Department of Health and Human Services
Public Health Service
300 River Pl #5900
October 17, 2005
VIA CERTIFIED MAIL, RETURN RECEIPT REQUESTED
7620 N M88
Central Lake, MI 49622
Ref. No. DT-06-11
Dear Mr King:
The Food and Drug Administration (FDA) has reviewed the labeling of your Cherry Juice Concentrate and dried tart cherries on your websites at www.mi-cherries.com, as it appeared on September 8, 2005. This review shows serious violations of the Federal Food, Drug, and Cosmetic Act (the Act) in the labeling of these products. You can find the Act and implementing regulations through links on FDA's Internet home page at www.fda.gov.
Under the Act, articles intended for use in the diagnosis, cure, mitigation, treatment or prevention of disease in man are drugs [Section 201(g)(1)(B) of the Act, 21 USC 321(g)(1)(B)]. The labeling for your products on your websites bears the following claims:
[Under heading "Arthritis and Gout Relief"]
- "[F]or generations, residents of Northern Michigan, where our family farm is located, have sworn by tart Montmorency cherry juice and dried tart cherries for miracle relief of arthritis and gout pain."
- "[L]ab tests show that the anthocyanins in tart cherries actually give 10 times the antiinflammatory relief of aspirin, without irritating the stomach."
- "[C]herries are rich in two important flavonoids — isoqueritrin and quercitrin. … [Q]uercitrin is one of the most potent anti-cancer agents ever discovered. Consuming it in foods, such as cherries has been shown to help neutralize cancer-causing agents."
- "[T]art cherries contain perillyl alcohol (POH), a natural compound that is extremely powerful in reducing the incidence of all types of cancer. … [P]erillyl alcohol was found to be up to five times more potent than the other known cancer-reducing compounds at inducing tumor regression."
- "Ellagic acid [a compound present in cherries] is a naturally occurring plant phenolic that is known as a potent anti-carcinogeniclanti-mutagenic compound. Clinical tests conducted at the Hollings Cancer Institute at the Medical University of South Carolina (MUSC) show that ellagic acid may be the most potent way to prevent cancer. It also may inhibit the growth of cancer cells, and arrest the growth of cancer in subjects with a genetic predisposition for the disease."
[Under heading "Tart Cherries and Diabetes"]
"Perhaps George Washington wouldn't have chopped down his father's cherry tree if he knew what chemists now know. They have identified a group of naturally occurring chemicals abundant in cherries that could help lower blood sugar levels in people with diabetes. In early laboratory studies using animal pancreatic cells, the chemicals, called anthocyanins, increased insulin production by 50 percent.…"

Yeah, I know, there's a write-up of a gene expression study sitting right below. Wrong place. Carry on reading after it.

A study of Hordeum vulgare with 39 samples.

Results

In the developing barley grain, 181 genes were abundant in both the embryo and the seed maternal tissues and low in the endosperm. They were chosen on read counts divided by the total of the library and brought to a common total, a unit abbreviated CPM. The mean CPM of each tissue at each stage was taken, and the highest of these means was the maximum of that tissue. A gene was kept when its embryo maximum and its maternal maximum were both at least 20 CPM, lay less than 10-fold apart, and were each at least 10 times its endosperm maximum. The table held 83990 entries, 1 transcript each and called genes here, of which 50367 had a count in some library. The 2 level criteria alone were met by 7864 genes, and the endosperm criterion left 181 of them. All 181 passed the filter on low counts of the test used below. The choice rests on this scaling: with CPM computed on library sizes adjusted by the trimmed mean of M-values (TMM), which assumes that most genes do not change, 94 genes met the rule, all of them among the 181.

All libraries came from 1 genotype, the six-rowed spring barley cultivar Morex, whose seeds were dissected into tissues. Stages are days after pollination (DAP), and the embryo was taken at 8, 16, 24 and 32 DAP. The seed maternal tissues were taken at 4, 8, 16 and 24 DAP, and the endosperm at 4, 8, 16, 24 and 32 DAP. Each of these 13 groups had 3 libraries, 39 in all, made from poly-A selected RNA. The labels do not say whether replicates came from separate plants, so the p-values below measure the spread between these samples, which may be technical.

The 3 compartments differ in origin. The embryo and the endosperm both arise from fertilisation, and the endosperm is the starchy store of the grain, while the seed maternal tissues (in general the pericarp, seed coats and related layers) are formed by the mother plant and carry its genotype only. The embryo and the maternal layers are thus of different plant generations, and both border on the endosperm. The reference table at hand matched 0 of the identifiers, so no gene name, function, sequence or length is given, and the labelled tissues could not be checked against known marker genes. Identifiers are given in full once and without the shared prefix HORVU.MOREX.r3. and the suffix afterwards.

Your website also includes claims in the form of testimonials. Some examples are as follows:
- "Since beginning my daily regimen of a glass of tart cherry juice every morning, I have not had a single gout attack. I've been pain free for over four months!"
- "I recently quit the arthritis pain med I was on — due to all the negative publicity. … Heard about the cherry juice and thought I might as well try it. … Just a week later, the change was dramatic."
This list of claims is not intended to be all-inclusive, but represents the types of claims found in your product labeling.
These claims cause your products to be drugs, as defined in section 201(g)(1)(B) of the Act [21 USC 321(g)(1)(B)]. Because these products are not generally recognized as safe and effective when used as labeled, they are also new drugs as defined in section 201(p) of the Act [21 USC 321(p)]. Under section 505 of the Act (21 USC 355), a new drug may not be legally marketed in the United States without an approved New Drug Application (NDA). FDA approves a new drug on the basis of scientific data submitted by a drug sponsor to demonstrate that the drug is safe and effective.
The above violations are not meant to be an all-inclusive list of deficiencies in your products and their labeling. It is your responsibility to ensure that products marketed by your firm comply with the Act and its implementing regulations.
Failure to promptly correct these violations may result in enforcement action without further notice. Enforcement action may include seizure of violative products, injunction against the manufacturers and distributors of violative products, and criminal sanctions against persons responsible for causing violations of the Act.
Please advise this office in writing, within 15 working days of receipt of this letter, as to the specific steps you have taken or will be taking to correct these violations, including the steps taken to assure that similar violations do not recur. Your reply should be directed to Judith A. Putz, Compliance Officer, at above address.
Joann M. Givens
This page was posted on March 28, 2006.